Trees are scarce in the Texas Panhandle. Big trees are even scarcer.
The region is droughty and windy. Blizzards and hail are common. Adequate soil is hard to come by. So for some, the few tall trees that survive are precious.
“To me, trees are sacred in this part of the world,” says Lacey Carter Vardeman. “We just don’t have very many.”
Vardeman raises cattle and cotton on two parcels of land in the Panhandle: one in Lubbock County, another in Bailey County – about 10 miles from the Texas-New Mexico border.
Vardeman started buying land in Bailey County about 25 years ago. A few times a week, she and her children would drive the hour-and-a-half between her two properties. It’s not the most scenic route – mostly flat pastures and irrigation pivots. But there was one sight the Vardemans always looked forward to toward the end of the drive: an elm tree.
“We used him as a landmark, because he was so big,” Vardeman says. “He was just huge and pretty and there were a lot of deer under him a lot of times. There’s no telling what’s lived in him and under him for all those years.”
Vardeman’s kids called the tree ‘the mayor of Baileyboro’ – a nod to the name of the now-mostly-deserted spot the tree presided over. There was nothing else like it for miles. By any standard, the mayor was a big tree: about seven feet around, with long, arching branches that scraped the top of trucks and trailers.
The tree sat on the fence line of a neighbor’s property. Vardeman thought it was at least 130 years old – it’s referenced in journals by early settlers of the county. It was there before the Vardemans, and they thought it would be there long after them.
But one day a couple of weeks ago, Lacey got a call from her daughter Molly, who was driving to the Bailey County property to pick up a few of her things. Molly was excited – she’d just been accepted into the master’s program of accounting at Lubbock Christian University. But as she neared the property, rounding the curve where the mayor normally comes into view, her elation faded.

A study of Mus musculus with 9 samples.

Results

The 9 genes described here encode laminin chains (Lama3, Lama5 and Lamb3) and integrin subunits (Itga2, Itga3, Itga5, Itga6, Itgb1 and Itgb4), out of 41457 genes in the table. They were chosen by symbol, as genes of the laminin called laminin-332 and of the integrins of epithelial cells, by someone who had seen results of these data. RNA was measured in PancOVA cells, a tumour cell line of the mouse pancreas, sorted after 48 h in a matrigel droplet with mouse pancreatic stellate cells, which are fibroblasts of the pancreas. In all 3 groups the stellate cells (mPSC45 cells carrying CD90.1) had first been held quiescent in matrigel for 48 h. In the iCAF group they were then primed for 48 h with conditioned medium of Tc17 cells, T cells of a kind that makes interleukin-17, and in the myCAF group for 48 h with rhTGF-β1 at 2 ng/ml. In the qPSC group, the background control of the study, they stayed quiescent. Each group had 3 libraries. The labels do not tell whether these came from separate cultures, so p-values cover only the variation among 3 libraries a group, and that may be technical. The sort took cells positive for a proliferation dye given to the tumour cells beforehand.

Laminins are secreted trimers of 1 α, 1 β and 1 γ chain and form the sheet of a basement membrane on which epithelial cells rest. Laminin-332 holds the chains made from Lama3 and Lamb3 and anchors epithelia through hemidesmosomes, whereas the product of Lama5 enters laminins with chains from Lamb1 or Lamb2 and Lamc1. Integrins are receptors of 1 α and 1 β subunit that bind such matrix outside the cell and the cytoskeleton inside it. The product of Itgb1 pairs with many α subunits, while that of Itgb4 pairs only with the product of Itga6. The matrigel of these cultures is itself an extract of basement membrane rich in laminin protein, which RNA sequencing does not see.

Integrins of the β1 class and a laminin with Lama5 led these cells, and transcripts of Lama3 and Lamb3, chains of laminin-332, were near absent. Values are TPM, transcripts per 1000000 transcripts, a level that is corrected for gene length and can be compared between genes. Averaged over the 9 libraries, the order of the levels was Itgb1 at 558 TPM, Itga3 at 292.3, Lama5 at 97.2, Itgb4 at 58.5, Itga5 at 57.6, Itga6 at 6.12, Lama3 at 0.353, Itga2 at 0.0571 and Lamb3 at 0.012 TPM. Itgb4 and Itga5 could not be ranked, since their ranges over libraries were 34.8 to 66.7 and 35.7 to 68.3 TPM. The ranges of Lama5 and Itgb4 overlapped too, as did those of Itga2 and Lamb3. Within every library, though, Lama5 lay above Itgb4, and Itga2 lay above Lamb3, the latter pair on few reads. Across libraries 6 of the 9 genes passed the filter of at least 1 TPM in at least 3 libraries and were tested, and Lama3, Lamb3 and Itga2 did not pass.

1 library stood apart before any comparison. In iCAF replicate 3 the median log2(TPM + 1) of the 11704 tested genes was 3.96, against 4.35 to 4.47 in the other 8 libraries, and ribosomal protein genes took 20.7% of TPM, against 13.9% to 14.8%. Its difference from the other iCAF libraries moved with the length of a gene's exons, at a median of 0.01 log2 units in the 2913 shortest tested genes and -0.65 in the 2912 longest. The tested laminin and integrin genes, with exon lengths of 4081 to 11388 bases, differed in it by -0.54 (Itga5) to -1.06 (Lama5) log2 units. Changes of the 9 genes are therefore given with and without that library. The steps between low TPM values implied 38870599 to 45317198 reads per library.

“I pulled around, and the tree was on its side, and I was like ‘Aw, man,’” Molly says.
The tree’s owners cut it down. Vardeman says her neighbors wanted to build a new fence, and the mayor was in the way. It had practically absorbed one of the old T-posts.
“I didn’t know anything about it ‘til it was too late, so, I couldn’t have done anything about it. He wasn’t my, on my property. But just couldn’t believe somebody cut down a tree,” Lacey says.
Lacey hung up with Molly. Five minutes passed. Then she picked up the phone again, and called her neighbors.
“I just figured, well I’ll call and ask if I can at least have a piece of him,” she says.
Her neighbors said that was fine – they’d just planned to cut the tree up and burn it anyway. If Lacey could haul it, she could have it. So she did. With help from her kids, she used a John Deere loader to get the tree onto a 34-foot gooseneck trailer. A few other neighbors stopped by to say they appreciated her saving what she could of the tree. It seemed like a shame not to – even if it was hard work.
“We had to cut a lot of the bigger branches off of him, because it was so heavy my loader wasn’t able to pick it up,” Lacey says. “It kinda took up most of [the trailer]. I think we decided he weighed over 10,000 pounds, the part that I actually brought home.”
Which is where it is now – sitting by her haystack, waiting for what’s next. Replanting isn’t possible, so Lacey plans to give some of the wood to each of her kids.
She’s looking for a carpenter to make rough-cut tables out of it, someplace where people could gather or share a meal. For Molly, it’s a way to show reverence for something that persevered for so long in place where it can be so hard to stay alive.
“It’s amazing to think that this tree’s gone through World War I, World War II, the Dust Bowl. It’s gone and seen all of the hard times and the good times of the area,” she says. I’m really impressed that things are able to live and last that long, especially as hard of an area as it is around here.”